We like to think that people get into leadership roles because of some meritocratic combination of hard work, opportunity, and charisma.
But research reported in the Economist and elsewhere is starting to show how much physical attributes like height, fitness, and tone of voice affect perceptions and performance.
For your prototypical boss, take this description of Starbucks CEO Howard Schultz from the New York Times as an example:
HOWARD SCHULTZ, now 57, is a tall, sinewy man with a toothy grin and a silky sales pitch.
As we’ll see in the below research, Schultz’s physical characteristics embody our perception of the ideal American CEO.
Bosses tend to be tall.
Although only about 4% of Americans stand 6’2” or taller, Malcolm Gladwell found in his book “Blink” that 30% of Fortune 500 CEOs are at least that tall. Height translates into earnings, too: Columbia management professor Sheena Iyengar has found that men earn about 2.5% more per inch of height.
Bosses tend to have deep voices.
The deeper your voice, the deeper your (and your company’s) pockets.
In 2013, researchers from the University of California, San Diego, and Duke University listened to 792 male CEOs — and then compared their vocal frequencies with financials.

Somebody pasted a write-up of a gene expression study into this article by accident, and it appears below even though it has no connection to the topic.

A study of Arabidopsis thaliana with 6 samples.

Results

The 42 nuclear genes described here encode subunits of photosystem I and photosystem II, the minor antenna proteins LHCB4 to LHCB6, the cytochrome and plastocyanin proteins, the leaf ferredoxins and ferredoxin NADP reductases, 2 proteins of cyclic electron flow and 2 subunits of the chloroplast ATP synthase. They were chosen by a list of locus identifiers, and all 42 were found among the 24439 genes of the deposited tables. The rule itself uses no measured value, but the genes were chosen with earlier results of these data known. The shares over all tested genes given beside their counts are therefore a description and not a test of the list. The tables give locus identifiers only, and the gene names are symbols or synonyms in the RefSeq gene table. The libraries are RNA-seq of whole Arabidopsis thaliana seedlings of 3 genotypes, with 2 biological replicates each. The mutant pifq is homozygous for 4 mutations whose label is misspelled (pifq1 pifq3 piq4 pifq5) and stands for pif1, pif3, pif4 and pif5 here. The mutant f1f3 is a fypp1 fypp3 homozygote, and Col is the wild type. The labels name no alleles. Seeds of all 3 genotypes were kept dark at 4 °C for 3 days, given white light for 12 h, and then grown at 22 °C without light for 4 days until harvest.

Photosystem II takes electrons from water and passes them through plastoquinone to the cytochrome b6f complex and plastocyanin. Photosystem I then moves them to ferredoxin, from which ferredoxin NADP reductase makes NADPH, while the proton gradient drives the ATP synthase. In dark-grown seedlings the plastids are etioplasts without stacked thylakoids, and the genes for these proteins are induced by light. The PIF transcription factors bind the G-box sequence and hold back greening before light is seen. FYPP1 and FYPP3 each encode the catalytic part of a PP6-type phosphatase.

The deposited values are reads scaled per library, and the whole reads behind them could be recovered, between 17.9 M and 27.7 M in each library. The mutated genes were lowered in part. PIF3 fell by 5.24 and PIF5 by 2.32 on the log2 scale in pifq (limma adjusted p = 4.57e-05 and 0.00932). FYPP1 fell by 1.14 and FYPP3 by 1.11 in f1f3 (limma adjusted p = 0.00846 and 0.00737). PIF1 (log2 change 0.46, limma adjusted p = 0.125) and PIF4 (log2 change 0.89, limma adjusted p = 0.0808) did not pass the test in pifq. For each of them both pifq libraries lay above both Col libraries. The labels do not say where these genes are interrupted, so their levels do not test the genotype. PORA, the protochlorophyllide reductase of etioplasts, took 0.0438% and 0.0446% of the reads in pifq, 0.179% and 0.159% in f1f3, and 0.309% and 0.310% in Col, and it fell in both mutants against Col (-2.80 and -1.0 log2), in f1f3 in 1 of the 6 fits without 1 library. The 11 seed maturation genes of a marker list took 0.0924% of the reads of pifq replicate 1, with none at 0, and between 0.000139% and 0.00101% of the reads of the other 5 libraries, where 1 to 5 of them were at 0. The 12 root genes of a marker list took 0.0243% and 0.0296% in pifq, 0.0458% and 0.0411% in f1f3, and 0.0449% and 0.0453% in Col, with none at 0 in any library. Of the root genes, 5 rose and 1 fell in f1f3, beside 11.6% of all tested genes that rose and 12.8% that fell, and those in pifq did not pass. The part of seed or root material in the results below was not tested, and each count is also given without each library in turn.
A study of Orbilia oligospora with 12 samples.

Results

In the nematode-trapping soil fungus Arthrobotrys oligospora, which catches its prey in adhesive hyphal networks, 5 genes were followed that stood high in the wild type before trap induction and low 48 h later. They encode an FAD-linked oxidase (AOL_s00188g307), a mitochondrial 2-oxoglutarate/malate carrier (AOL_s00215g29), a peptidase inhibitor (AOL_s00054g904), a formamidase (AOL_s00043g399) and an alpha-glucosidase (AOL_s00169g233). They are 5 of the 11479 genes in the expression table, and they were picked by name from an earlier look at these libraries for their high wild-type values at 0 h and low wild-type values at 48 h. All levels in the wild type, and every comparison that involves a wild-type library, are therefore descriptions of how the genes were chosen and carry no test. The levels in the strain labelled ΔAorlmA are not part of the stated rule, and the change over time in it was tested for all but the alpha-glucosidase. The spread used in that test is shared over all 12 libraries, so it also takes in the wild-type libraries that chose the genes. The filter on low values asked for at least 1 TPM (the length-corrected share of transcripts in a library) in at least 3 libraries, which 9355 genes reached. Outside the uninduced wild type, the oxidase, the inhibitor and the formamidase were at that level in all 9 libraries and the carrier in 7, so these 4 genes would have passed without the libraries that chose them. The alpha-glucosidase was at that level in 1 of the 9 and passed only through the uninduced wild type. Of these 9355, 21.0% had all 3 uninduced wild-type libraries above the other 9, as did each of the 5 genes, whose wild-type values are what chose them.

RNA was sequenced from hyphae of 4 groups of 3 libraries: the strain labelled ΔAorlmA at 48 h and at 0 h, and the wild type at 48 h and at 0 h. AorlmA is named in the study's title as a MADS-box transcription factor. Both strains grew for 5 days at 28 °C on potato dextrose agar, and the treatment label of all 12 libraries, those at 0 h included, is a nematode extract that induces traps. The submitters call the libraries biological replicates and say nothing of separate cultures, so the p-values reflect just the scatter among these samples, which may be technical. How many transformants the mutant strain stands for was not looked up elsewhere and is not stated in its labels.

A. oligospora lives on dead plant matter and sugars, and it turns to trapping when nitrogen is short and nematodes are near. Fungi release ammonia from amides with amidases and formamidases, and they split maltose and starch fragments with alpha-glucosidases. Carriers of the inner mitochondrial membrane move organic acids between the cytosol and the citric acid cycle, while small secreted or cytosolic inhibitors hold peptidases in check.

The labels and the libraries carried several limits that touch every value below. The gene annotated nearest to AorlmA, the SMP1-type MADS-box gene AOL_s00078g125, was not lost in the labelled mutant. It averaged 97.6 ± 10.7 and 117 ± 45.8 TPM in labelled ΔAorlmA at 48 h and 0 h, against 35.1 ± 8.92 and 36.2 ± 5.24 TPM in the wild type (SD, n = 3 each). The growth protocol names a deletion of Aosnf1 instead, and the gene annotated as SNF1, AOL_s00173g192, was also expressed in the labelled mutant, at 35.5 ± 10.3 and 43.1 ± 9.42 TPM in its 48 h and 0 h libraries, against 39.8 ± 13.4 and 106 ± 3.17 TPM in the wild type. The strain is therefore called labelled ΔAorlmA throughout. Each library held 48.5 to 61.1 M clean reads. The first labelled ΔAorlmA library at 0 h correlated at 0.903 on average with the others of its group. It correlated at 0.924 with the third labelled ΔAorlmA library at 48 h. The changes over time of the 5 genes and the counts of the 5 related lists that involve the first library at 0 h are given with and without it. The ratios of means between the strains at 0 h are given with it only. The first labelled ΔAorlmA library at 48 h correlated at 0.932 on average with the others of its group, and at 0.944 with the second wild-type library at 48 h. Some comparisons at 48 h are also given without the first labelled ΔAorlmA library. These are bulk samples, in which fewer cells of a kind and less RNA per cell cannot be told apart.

As the Wall Street Journal reports, “Researchers found that executives with voices on the deeper (that is, lower-frequency) end of the scale earned, on average, $US187,000 more in pay and led companies with $US440 million more in assets.”
Bosses tend to be fit.
If you hear that a CEO is a long distance runner, you might want to invest in their company, since a study by German researchers Peter Limbach and Florian Sonnenburg linked executive fitness with organizational fitness.
Marathon-running CEOs head companies valued 4% to 10% higher than CEOs who don’t run marathons, Outside Magazine reports. This finding has inspired a daring argument: that physical fitness should be a part of the hiring process.
“The literature suggests that fitness moderates stress and positively affects cognitive functions and performance,” Limbauch and Sonnenburg write in the paper. “Accordingly, we find the strongest effects on firm value in subsamples where fitness is most important, i.e., for CEOs with high workload, above median age, and above median tenure.”
The nauseating takeaway: We’re biased to favour tall, fit, deep-voiced leaders like Schultz — in other words, alpha males.